Horrifying Quotes (displaying: 1 - 10 of 115 quotes )
There is a horrifying loneliness at work in this time. No, listen to me. We lived six and seven to a room in those days, when I was still among the living. The city streets were seas of humanity; and now in these high buildings dim-witted souls hover in luxurious privacy, gazing through the television window at a faraway world of kissing and touching. It is bound to produce some great fund of common knowledge, some new level of human awareness, a curious skepticism, to be so alone.
...for the first time Rincewind saw the troll. It wasn’t half so bad as he had imagined. Umm, said his imagination after a while. It wasn’t that the troll was horrifying. Instead of the rotting, betentacled monstrosity he had been expecting Rincewind found himself looking at a rather squat but not particularly ugly old man who would quite easily have passed for normal on any city street, always provided that other people on the street were used to seeing old men who were apparently composed of water and very little else. It was as if the ocean had decided to create life without going through all that tedious business of evolution, and had simply formed a part of itself into a biped and sent it walking squishily up the beach. (…) How does he hold himself together, his mind screamed at him. Why doesn’t he spill?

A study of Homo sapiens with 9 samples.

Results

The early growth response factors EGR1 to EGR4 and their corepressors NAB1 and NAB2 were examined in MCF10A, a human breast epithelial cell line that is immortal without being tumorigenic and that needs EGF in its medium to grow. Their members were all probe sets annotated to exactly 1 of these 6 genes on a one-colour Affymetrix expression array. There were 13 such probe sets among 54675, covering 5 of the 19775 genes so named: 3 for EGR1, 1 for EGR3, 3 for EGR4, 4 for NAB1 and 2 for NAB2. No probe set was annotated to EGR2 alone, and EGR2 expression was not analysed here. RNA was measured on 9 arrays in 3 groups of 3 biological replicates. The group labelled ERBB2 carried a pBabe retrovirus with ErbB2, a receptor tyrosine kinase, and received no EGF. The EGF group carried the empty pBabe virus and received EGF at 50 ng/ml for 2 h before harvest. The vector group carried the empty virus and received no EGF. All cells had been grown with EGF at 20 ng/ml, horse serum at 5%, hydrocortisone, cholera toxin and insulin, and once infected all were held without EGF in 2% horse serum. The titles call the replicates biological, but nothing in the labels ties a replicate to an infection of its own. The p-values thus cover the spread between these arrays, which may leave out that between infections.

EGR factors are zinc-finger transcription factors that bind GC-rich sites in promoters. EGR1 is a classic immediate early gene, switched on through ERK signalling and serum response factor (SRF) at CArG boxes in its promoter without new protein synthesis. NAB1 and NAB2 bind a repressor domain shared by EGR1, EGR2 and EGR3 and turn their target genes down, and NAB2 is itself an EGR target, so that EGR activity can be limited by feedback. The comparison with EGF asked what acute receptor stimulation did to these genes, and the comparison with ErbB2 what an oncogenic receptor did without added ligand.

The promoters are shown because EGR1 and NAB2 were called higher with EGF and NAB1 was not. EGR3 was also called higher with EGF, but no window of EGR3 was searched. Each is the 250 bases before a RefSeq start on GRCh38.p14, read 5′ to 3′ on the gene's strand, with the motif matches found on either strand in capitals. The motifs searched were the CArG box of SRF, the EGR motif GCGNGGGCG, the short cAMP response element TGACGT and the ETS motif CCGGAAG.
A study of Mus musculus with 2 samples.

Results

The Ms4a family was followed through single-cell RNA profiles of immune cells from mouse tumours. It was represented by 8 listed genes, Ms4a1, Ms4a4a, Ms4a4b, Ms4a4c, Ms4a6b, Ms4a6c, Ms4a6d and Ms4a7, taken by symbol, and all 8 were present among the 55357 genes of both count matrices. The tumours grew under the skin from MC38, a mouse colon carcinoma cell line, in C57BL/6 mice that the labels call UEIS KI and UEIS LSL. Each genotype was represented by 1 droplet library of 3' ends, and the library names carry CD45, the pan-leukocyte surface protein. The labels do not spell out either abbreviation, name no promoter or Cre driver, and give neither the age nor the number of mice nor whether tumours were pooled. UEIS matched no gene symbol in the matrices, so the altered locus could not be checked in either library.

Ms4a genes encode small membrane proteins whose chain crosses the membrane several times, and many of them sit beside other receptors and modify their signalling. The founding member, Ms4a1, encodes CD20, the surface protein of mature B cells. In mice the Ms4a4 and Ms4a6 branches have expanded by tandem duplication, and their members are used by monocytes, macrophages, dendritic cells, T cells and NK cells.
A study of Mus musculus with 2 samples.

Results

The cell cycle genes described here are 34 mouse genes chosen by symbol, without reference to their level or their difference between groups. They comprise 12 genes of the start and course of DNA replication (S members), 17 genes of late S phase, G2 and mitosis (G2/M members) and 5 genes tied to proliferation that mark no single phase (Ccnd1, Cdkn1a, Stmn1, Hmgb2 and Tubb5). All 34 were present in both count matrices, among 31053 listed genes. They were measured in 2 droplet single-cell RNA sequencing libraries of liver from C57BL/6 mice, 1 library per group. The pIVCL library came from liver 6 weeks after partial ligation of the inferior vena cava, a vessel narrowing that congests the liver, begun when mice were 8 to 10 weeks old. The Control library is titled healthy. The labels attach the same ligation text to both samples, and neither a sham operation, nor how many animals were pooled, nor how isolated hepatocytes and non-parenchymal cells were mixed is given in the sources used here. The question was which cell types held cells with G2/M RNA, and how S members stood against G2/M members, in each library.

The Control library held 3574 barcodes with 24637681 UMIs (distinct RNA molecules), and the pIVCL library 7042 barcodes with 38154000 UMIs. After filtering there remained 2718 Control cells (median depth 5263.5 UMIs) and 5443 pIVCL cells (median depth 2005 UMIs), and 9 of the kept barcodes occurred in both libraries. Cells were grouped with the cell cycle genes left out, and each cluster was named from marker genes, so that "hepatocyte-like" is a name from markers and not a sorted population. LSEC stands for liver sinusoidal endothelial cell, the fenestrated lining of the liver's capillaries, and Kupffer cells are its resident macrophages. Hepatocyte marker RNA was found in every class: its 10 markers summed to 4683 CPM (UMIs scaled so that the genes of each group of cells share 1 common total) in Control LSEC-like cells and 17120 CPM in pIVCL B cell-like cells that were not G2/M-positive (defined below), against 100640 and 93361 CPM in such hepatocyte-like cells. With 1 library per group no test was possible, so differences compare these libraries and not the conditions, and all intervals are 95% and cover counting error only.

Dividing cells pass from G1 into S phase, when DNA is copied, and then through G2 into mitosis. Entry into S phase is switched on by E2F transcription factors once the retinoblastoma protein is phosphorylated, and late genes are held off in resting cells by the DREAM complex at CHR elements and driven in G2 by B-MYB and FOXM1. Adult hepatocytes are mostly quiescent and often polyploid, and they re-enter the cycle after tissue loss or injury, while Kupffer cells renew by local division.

She had always been a reader… but now she was obsessed. Since her discovery of the book hoard downstairs from her job, she’d been caught up in one such collection of people and their doings after the next…The pleasure of this sort of life – bookish, she supposed it might be called, a reading life – had made her isolation into a rich and even subversive thing. She inhabited one consoling or horrifying persona after another…That she was childless and husbandless and poor meant less once she picked up a book. Her mistakes disappeared into it. She lived with an invented force.
Astral Weeks,” insofar as it can be pinned down, is a record about people stunned by life, completely overwhelmed, stalled in their skins, their ages and selves, paralyzed by the enormity of what in one moment of vision they can comprehend. It is a precious and terrible gift, born of a terrible truth, because what they see is both infinitely beautiful and terminally horrifying: the unlimited human ability to create or destroy, according to whim. It’s no Eastern mystic or psychedelic vision of the emerald beyond, nor is it some Baudelairean perception of the beauty of sleaze and grotesquerie. Maybe what it boils down to is one moment’s knowledge of the miracle of life, with its inevitable concomitant, a vertiginous glimpse of the capacity to be hurt, and the capacity to inflict that hurt.